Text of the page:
For years congress has been trying to pass a Credit Card Bill of Rights but the Senate repeatedly shoots it down. The Federal Reserve knew something had to be done so they took matters into their own hands on Thursday and set guidelines for the most controversial practices creditors do today. Some of the highlights are:
- Unless a payment is more than 30 days late, creditors will no longer be able to change interest rates on existing balances.
- There must be at least a 21 day grace period to make a payment before the credit card company can slap you with a late fee.
- Currently when you make a payment, it is applied to the lower interest rate balances first (such as 0% balance transfer offers) before it is applied to your higher interest rate balances such as normal purchases. Once the rules are in effect, it will be the opposite, and all payments (beyond the minimum payment) will be applied to the higher interest rate balances first.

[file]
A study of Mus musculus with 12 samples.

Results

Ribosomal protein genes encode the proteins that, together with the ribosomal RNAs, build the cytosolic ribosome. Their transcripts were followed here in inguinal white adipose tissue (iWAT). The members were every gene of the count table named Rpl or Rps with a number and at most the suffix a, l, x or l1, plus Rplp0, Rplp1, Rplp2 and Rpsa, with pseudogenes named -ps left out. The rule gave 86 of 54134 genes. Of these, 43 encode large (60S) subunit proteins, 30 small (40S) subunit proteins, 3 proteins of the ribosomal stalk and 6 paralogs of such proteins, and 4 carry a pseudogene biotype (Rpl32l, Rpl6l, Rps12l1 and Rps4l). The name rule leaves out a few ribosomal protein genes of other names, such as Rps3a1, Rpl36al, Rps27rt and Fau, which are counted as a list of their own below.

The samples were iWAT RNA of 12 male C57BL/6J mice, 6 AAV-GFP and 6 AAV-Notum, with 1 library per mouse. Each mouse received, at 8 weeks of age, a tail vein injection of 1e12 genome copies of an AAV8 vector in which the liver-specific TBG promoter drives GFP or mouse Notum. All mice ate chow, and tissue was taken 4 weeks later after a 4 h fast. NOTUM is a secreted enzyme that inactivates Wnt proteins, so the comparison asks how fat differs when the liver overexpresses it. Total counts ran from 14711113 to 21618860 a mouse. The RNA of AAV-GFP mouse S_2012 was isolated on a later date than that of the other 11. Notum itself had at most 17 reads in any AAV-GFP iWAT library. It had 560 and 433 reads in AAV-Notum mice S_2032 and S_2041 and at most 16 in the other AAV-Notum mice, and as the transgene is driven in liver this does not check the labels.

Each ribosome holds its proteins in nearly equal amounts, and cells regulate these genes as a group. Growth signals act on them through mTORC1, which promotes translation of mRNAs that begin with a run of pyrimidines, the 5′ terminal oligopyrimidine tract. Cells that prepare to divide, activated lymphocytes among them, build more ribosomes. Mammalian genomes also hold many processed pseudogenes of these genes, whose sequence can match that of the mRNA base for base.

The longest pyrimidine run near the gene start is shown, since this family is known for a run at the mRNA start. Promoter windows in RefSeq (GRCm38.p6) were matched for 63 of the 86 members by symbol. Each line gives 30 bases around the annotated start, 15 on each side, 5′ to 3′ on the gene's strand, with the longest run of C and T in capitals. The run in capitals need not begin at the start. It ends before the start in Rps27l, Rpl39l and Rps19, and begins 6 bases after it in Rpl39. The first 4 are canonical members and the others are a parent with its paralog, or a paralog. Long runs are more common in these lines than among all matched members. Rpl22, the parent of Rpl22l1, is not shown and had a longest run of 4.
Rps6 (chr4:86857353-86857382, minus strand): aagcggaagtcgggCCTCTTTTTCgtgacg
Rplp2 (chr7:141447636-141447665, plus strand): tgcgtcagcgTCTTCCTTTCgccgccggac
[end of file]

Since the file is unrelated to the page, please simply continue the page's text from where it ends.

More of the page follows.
- Customers must be notified 45 days before any changes to terms, such as fees and APR. Currently credit card companies are only required to give a 15 day notice.
- Double Cycle billing is prohibited. This is a practice where some creditors calculate interest based on the balance of the previous two months. So you may pay off your balance one month, but the next month if you carry a balance, you would be charged interest for both months.
Unfortunately, these rules won’t go into effect until July 2010. If you agree with us that there needs to be reform before then, contact your congressman and senator to tell them how you feel.